3.1 Ethical and Legal Issues in Entrepreneurship
The first section of this chapter explores the relationship between entrepreneurship, ethics, social responsibility, and the law. At times, ethical conduct and legal conduct may seem intertwined; in other circumstances, they are quite different. This section discusses how ethical considerations can provide a moral compass for entrepreneurs seeking to find a balance between making money and doing the right thing. Keep in mind, however, that unlike legal mandates, following ethical business practices is more often a voluntary matter for business owners and operators. On the other hand, laws are important to follow, or you and your business might well be held legally liable (civilly or criminally). Sometimes, making a mistake is only an ethical lapse; other times, the mistake also constitutes a violation of the law (e.g., the Equifax case discussed).
3.2 Corporate Social Responsibility and Social Entrepreneurship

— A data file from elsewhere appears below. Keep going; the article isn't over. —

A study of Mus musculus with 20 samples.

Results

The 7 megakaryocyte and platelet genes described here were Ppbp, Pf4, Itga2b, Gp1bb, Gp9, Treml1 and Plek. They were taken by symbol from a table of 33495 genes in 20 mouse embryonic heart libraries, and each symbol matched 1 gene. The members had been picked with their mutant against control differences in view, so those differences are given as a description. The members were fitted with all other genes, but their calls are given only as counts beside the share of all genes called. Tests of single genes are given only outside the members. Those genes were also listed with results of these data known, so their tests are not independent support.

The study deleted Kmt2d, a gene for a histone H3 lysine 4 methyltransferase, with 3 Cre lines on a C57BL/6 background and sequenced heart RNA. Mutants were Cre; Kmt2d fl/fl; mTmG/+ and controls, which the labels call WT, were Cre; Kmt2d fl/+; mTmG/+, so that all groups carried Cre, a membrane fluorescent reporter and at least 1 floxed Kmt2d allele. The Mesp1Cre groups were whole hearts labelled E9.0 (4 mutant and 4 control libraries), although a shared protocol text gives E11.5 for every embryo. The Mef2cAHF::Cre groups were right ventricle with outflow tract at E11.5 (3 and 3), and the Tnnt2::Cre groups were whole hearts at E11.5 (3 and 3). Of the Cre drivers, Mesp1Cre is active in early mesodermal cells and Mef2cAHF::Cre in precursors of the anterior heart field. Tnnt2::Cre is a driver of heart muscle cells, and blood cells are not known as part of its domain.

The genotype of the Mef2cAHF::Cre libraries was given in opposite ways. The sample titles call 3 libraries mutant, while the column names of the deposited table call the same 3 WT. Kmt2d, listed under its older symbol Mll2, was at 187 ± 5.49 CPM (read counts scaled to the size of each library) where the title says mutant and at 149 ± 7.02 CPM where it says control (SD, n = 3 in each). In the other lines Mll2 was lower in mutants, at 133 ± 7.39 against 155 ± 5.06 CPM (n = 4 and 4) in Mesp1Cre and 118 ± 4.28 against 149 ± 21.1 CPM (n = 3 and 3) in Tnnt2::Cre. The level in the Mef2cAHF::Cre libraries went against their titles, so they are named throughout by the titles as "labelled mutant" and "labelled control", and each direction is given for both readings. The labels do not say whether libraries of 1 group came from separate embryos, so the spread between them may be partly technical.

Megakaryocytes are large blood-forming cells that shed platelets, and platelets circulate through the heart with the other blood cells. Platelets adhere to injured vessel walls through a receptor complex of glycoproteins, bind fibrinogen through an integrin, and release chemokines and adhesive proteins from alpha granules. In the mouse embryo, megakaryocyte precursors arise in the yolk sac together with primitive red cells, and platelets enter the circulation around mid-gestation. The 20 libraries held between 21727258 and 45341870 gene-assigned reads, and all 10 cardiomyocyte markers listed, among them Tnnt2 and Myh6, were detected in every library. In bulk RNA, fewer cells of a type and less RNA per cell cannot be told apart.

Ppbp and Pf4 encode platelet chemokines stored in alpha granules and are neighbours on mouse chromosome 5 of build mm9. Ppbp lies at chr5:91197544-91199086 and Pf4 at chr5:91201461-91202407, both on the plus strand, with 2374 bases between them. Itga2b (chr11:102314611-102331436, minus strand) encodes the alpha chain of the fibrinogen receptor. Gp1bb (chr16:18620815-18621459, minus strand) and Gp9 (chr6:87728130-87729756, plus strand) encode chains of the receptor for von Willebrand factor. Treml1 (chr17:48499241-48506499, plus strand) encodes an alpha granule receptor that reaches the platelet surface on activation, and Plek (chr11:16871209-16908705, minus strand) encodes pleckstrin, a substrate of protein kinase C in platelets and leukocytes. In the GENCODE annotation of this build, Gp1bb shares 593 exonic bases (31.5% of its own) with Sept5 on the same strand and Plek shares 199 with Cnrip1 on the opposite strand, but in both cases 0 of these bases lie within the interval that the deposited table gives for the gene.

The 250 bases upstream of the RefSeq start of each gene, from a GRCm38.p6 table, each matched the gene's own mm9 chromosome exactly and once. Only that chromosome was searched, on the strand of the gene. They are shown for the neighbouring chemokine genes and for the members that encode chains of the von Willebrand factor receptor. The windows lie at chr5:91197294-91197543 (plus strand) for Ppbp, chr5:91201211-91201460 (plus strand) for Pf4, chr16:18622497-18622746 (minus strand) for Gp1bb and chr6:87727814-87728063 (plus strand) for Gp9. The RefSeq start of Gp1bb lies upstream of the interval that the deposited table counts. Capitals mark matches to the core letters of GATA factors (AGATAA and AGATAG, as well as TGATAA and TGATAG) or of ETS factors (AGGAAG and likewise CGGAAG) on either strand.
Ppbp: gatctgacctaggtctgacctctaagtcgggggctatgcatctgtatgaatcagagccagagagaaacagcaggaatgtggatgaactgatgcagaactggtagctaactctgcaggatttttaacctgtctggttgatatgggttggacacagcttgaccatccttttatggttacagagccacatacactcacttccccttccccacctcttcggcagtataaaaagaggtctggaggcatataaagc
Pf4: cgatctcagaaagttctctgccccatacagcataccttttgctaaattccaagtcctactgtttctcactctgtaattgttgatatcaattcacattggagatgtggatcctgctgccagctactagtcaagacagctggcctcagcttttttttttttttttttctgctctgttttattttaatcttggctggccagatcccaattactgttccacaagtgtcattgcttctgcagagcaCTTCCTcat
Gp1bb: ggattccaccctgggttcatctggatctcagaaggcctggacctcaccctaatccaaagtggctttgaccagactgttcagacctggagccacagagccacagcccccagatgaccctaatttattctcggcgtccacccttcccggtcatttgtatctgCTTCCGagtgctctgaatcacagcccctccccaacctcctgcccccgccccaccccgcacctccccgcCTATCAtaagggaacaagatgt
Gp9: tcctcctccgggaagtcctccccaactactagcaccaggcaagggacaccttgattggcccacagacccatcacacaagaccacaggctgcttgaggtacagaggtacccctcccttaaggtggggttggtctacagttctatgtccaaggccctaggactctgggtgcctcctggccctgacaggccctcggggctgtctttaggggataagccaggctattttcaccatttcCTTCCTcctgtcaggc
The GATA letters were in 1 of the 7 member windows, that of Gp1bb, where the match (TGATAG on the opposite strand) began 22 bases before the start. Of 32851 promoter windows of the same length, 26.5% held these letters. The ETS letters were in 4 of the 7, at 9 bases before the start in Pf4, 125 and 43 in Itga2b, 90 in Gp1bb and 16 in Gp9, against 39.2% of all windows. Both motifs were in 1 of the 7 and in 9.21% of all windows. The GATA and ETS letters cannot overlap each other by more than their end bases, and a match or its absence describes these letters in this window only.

This section explored examples of entrepreneurship in which social responsibility plays a key role in the organization. Causes such as sustainability/environmental awareness are often important to an entrepreneur and their workforce. Most startup businesses want to make money, and in fact, as this section demonstrates, it’s quite possible to make money and carry out a social responsibility goal simultaneously. Some social entrepreneurship companies go the extra mile and become certified B-corporations, as opposed to C-corps or S-corps, which are tax distinctions. If an entrepreneur elects to become a B-corporation, it means that it has satisfied an outside organization’s audit, proving that they truly act in a socially responsible manner.
3.3 Developing a Workplace Culture of Ethical Excellence and Accountability
This section of the chapter covers the area of employment. We explored how entrepreneurs can make their company one for which people want to work: where being ethical is a highly regarded trait. This type of approach to employment includes both ethical and legal considerations, such as no discrimination, fair pay, encouraging/rewarding ethical behavior, and creating an atmosphere of collegial teamwork. This approach to creating a socially responsible workplace requires a long-term commitment to being an ethical employer, which is not always easy. For example, it may mean, even though you are the boss or owner, admitting you made a mistake, accepting responsibility for it, and correcting it. You do not want to be the type of boss who can never say I got that wrong, and I’ll do better next time.